Slideshow: Donald Harrison and the Berklee All-Stars Perform for Enthusiastic Crowds in India

In his first trip to India, renowned saxophonist Donald Harrison Jr. '81 played with the Berklee All-Stars to a sold-out crowd of several thousand people at the 6th Delhi International Jazz Festival.

October 14, 2016

In his first trip to India, renowned saxophonist Donald Harrison Jr. '81 played with the Berklee All-Stars to a sold-out crowd of several thousand people at the sixth Delhi International Jazz Festival on September 26.

"It felt incredible. (The crowd) was very receptive, and we played our music, and they were up and dancing at the end and they wanted more. So artists are always happy when the audience wants more," Harrison told local media channel WION.

Harrison and the band, which includes vocalist and Berklee faculty member Patrice Williamson, bassist Max Moran '10, pianist and faculty member Leo Blanco, and drummer Darryl Staves Jr., kicked off the hourlong set with the blues and then moved into jazz standards such as "When the Saints Go Marching in." 

"The way Donald Harrison was able to interact with the crowd was spectacular," said Clint Valladares, managing director of the Berklee India Exchange (BIX), which organized the trip. "The crowd was enthusiastic that jazz was being performed in India and coming directly from the source, American popular music, to people in India, who had always loved jazz but don’t often get the opportunity to experience it in a way that is accessible, soulful, funky, and true to the tradition."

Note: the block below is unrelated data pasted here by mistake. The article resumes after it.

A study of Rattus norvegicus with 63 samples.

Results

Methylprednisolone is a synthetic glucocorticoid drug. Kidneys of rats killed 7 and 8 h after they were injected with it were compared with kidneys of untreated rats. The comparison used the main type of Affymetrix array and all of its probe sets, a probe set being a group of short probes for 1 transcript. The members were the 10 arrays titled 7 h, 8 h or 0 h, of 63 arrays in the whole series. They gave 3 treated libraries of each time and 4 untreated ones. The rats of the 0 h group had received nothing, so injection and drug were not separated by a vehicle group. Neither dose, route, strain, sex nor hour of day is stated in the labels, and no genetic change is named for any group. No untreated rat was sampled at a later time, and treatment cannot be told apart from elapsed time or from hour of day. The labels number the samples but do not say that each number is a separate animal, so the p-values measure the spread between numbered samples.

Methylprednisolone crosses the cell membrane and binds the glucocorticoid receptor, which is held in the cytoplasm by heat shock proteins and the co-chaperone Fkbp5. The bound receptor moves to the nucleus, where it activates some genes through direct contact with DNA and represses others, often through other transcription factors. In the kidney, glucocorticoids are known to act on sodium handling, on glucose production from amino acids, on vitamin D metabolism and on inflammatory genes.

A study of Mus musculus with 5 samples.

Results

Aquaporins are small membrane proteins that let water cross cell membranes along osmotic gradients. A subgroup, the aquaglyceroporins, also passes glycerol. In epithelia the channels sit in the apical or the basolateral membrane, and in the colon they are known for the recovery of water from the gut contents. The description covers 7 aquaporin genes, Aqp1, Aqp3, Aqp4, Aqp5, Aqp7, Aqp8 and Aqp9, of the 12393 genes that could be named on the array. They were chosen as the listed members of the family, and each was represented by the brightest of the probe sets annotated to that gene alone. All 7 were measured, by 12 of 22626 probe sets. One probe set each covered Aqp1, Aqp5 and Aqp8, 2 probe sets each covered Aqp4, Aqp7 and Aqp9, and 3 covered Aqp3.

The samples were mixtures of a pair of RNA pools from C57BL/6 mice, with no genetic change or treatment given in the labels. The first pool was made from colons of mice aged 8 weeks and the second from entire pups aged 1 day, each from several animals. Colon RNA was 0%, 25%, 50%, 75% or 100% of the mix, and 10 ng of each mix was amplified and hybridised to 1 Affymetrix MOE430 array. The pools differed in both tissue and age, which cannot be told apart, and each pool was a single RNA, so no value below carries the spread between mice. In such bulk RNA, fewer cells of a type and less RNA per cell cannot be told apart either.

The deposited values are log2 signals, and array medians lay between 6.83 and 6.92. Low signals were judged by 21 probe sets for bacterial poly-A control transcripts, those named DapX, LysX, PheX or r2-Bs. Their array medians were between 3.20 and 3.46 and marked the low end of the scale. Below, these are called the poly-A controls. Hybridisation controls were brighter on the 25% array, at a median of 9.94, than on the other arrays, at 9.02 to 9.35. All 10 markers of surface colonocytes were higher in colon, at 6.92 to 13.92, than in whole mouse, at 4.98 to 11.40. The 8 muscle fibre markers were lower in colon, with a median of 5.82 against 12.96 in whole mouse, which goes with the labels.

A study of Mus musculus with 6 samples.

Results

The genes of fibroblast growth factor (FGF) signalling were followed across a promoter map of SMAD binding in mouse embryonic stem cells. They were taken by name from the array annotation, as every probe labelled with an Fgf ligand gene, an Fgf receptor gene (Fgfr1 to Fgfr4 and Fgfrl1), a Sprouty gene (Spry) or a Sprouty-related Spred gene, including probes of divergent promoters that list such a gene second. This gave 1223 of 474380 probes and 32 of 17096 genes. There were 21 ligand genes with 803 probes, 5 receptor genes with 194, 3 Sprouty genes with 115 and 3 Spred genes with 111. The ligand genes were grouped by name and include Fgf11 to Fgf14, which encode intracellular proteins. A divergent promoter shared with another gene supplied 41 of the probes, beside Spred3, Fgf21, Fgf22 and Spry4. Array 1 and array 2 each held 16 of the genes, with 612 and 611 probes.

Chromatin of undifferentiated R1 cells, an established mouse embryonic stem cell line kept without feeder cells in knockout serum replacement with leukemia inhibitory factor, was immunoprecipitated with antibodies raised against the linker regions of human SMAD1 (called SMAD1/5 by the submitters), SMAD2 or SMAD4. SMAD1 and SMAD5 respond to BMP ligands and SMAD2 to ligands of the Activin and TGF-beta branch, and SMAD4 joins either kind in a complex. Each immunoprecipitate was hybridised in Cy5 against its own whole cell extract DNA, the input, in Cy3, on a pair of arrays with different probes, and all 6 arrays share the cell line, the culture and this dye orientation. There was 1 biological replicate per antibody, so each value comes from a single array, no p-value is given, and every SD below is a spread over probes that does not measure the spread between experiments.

As part of the trip, which was sponsored by the U.S. Department of State to strengthen U.S.-India relations through jazz, Harrison and the band held a workshop at the Ark School, a government school in New Delhi for children 8 to 10 years old from underserved communities, on September 27 and then performed a 45-minute set that night at the American Center in honor of World Tourism Day. The following day the group headed to Chandigarh, India, for an hourlong concert for an audience of 500. 

Harrison told India's Business Standard that coming to India had long been a dream of his. And it didn't disappoint. "The audience here treats you like a special guest. They know how to engage with the artist. And most importantly, you people are the warmest," he said.